Is Adrenal Fatigue Really Nonexistent?

A Look at the Controversial Claims About Adrenal Fatigue


The Hormone Foundation (part of the Endocrine Society) released a controversial "fact sheet" series, titled "Myth vs. Fact." One of their sheets is titled "Adrenal Fatigue" and attacks the very existence of the condition, stating, "Adrenal fatigue is not a real medical condition. There are no scientific facts to support the theory that long-term mental, emotional, or physical stress drains the adrenal glands and causes many common symptom." (You can read the entire "fact sheet" as a PDF: Myth Vs. Fact: Adrenal Fatigue.)

If you are having flash-backs to self-serving official pronouncements from physician organizations insisting that fibromyalgia or chronic fatigue syndrome are not "real" medical conditions, or even remembering doctors who until recently insisted that spicy foods, and not the H. pylori bacteria, cause ulcers, then you're not alone.

Richard Shames, MD, a graduate of both Harvard and the University of Pennsylvania, and trained extensively with the National Institutes of Health, and is a well-respected integrative physician and hormone expert in private practice for more than three decades. I asked him to comment on the controversy.

Richard Shames, MD: I don't agree with what the Hormone Foundation is saying about adrenal fatigue. Their main point is that "adrenal fatigue" is not a real diagnosis and is not proven by medical science. This is to me is either a deliberately deceptive quasi-truth, or a medically uninformed political turf statement. Any doctor worth his/her salt understands that the term "adrenal fatigue" means mild adrenal insufficiency. The Hormone Foundation statement readily admits that adrenal insufficiency is a real diagnosis. To me, they seem to be denying the possibility that some people might have a  mild form of a real diagnosis. That's short-sighted and excessively arbitrary.

Q: One of the issues the "fact sheet" discusses is that there isn't a test that can detect adrenal fatigue.

Richard Shames, MD: If the current adrenal insufficiency blood tests were more sensitive, we might not be having this conversation. Current blood tests are good at diagnosing severe forms of adrenal insufficiency, one of which is called Addison's disease. They are not as good at diagnosing the milder forms. Certain people in authority, for whom everything is either black or white—without shades of gray—have evidently been tempted to state publicly that the diagnosis of mild adrenal insufficiency is "not a real diagnosis."

Q: There seems to be a parallel to patients who have borderline hypothyroidism. The mainstream TSH test says they are "normal," but many physicians now recognize that levels within the so-called "normal" reference range may in fact still reflect a thyroid problem.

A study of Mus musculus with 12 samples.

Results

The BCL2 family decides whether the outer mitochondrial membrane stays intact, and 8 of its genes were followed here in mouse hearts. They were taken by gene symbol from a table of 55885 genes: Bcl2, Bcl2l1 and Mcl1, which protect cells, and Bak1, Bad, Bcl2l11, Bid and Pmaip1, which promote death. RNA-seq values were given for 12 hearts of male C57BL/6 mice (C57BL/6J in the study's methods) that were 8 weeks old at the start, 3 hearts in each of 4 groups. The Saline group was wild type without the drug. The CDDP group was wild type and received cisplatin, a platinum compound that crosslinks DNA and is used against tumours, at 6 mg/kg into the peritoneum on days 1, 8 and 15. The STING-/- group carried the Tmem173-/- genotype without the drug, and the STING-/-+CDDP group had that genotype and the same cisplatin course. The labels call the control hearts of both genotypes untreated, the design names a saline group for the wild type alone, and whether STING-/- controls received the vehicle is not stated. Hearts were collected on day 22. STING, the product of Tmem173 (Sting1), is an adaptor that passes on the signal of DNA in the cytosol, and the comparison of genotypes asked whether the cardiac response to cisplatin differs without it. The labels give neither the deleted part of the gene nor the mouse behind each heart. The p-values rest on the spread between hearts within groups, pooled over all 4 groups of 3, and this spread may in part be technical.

Richard Shames, MD: Absolutely. Mild low thyroid is a good analogy to mild adrenal insufficiency. Current blood tests are often just not sensitive enough to show an abnormal result on all the people who do indeed have a mild form of hypothyroidism. Fifteen or 20 years ago many endocrinologists were denying "mild hypothyroidism" as a true diagnosis. This is strikingly similar to the current denials of mild adrenal insufficiency. It took years of mounting scientific evidence, but now many endocrinologists are saying, "Doctors and patients alike need to be more aware of the real possibility of undiagnosed mild or borderline hypothyroidism."

Q: Will the medical establishment eventually move in that direction?

Richard Shames, MD: Yes, definitely. The current flap is the same non-issue, based on the same non-argument. So, when blood tests get even better, and/or when saliva hormone testing gets even more accepted within the mainstream, adrenal fatigue will be seen as the real diagnosis that it truly is: "mild adrenal insufficiency. In other words, a mild form of a true diagnosis, that current standard blood tests often miss.

Q: Until that diagnosis becomes understood and better accepted, what be done?

Richard Shames, MD: First of all, it would help to start calling it adrenal insufficiency, which it is, and for which a "real" diagnostic category already exists. (The mainstream ICD-9 code for this is 255.4) Mild forms of this real condition can currently be diagnosed by a combination of a good medical history, along with a focused physical exam, plus a sensible combination of well-chosen blood, urine, and saliva testing. should do it for now.

Q: What about the claims by the Hormone Foundation/Endocrine Society that "...tests for adrenal fatigue are not based on scientific facts or supported by good scientific studies..."

Richard Shames, MD: There are surprising numbers of scientific studies and books published by endocrinology researchers and professors, which refute these odd statements on adrenal fatigue. I am currently working on an additional review of the issue, to share with your readers, which will summarize and pinpoint what many other doctors and I see as the deeper truth about this topic, as opposed to the Endocrine Society's superficial disparaging of an important issue.